The Indian government has proposed that WhatsApp should assign an alphanumeric hash or unique ID to every message
The Indian govt has been pushing over traceability of WhatsApp messages since 2018
Facebook had also offered an alternative to absolute WhatsApp traceability, but the government turn it down
The government of India claims it has found a way around preserving end-to-end encryption in WhatsApp chats, while also enabling traceability of the messages to the origin.
While there has been not an official announcement, officials claim the government has proposed that WhatsApp should assign an alphanumeric hash to every message sent over WhatsApp. The hash can travel with the message and can be traced back to the original sender, in case of any unlawful activity, ET reported citing government officials.
The government official, on the condition of anonymity, revealed that discussion between WhatsApp representatives and authorities are currently ongoing, but there is no formal communication yet.
The Facebook-owned instant messaging app has three months to comply with the latest Information Technology (Guidelines for Intermediaries and Digital Media Ethics Code) Rules of 2021, released last month. The rules mandate ‘“significant social media intermediary with over five million users’ to ensure traceability of the first originator of a message that has been flagged by either a court of law or an authorised government agency.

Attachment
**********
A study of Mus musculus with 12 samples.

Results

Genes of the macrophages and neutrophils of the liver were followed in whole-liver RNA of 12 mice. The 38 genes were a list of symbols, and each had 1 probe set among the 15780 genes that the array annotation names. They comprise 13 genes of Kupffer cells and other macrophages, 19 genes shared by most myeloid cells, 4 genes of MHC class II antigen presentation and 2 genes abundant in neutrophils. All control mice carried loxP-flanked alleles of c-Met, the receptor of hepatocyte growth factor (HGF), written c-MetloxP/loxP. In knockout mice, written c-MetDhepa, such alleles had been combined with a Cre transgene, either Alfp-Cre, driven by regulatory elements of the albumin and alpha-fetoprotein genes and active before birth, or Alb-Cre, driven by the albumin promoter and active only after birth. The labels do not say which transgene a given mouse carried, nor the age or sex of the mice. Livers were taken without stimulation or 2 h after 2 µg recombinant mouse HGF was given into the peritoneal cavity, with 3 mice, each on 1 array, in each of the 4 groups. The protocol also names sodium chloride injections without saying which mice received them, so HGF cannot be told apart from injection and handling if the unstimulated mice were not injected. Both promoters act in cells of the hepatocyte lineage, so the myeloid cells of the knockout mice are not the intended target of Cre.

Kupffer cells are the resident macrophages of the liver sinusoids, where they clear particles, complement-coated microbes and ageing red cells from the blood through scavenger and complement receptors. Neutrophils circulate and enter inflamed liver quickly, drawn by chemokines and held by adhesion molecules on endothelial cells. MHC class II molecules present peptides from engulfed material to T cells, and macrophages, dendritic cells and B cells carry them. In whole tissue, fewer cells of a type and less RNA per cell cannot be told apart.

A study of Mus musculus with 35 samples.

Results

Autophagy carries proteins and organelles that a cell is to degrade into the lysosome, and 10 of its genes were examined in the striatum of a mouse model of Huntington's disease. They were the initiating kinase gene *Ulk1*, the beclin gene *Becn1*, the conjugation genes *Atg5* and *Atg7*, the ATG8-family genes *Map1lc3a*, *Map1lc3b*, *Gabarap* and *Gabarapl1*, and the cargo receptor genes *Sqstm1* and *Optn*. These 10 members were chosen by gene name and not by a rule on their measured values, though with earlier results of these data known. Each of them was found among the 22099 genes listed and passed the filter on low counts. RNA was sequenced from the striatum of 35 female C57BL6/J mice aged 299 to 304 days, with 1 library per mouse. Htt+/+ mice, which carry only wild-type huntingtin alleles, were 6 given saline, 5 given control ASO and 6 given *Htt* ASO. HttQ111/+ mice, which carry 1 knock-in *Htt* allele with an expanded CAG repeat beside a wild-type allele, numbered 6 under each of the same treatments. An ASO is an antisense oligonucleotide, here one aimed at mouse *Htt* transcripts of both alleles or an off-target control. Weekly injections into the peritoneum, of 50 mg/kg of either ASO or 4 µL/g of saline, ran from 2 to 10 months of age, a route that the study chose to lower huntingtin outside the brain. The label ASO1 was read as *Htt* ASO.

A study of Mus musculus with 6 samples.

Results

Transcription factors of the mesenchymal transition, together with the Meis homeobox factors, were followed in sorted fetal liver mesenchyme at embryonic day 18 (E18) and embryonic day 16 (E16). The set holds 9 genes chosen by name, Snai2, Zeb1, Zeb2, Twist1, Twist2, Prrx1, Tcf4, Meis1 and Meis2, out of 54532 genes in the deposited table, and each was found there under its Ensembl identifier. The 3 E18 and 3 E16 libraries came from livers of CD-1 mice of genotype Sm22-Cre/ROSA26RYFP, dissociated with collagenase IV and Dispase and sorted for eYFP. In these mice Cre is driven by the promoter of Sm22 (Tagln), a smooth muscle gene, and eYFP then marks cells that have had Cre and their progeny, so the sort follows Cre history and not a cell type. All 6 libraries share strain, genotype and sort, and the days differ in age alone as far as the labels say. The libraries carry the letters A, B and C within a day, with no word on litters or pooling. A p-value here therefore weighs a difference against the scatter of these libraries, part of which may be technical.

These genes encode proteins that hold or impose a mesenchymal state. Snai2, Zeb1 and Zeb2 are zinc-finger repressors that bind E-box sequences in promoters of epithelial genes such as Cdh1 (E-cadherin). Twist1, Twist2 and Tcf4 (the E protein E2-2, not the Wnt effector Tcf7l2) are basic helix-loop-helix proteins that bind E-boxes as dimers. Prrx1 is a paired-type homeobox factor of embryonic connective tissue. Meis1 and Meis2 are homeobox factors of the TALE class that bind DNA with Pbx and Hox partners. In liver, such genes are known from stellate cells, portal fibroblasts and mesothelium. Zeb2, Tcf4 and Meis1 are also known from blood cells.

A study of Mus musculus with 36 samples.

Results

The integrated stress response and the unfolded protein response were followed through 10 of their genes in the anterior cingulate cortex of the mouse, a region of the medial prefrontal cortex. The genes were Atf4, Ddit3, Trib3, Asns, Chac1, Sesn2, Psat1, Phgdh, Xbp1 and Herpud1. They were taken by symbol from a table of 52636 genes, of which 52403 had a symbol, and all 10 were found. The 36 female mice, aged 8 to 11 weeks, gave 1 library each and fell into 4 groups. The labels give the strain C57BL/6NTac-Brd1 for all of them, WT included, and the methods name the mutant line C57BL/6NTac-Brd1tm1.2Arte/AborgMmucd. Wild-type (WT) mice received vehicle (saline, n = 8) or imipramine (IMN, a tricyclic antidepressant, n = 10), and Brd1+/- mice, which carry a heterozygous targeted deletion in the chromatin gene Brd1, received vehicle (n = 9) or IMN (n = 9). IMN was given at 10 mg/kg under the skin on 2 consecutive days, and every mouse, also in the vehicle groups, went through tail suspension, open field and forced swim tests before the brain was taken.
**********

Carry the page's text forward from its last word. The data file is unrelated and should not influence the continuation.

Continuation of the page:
Besides this, the Indian government has been pushing for traceability of WhatsApp messages since 2018. The matter was also being heard in the Supreme Court, but WhatsApp has always maintained that the action would end up hampering its users’ right to privacy. Besides this, the app has put its foot down and decided to not touch its encryption policy.
The original petitions, filed in Tamil Nadu in July 2018, demanded to interlink the Aadhaar database with social media profiles for authentication of identity. Facebook had sought to transfer the case to the Supreme court in August 2019. In the last hearing in January 2020, notification of these Rules was still awaited. The case is still pending.
Facebook had also offered an alternative to absolute traceability back in September 2019, by suggesting use of metadata and machine intelligence to deal with issues. The company’s vice president of global affairs and communication Nick Clegg noted that the use of metadata would enable it to get offered basic details such as call duration among others, of “lawfully” identified the user.
The VP even offered to harness WhatsApp, Instagram and Facebook linkages to help law enforcement agencies. But the government had refused to budge.
India is the largest market for the instant messaging app, with more than 400 Mn users coming from the country. But the platform has also been on the forefront of the fake news issues in India. In the last few years, the platform has been used to spread misinformation, misleading mobs and instigating polarisation. Whatsapp has been trying to curb fake news on its platform, by rolling out various features like ‘frequently forwarded’ as well as limiting the ability of a user to forward a message.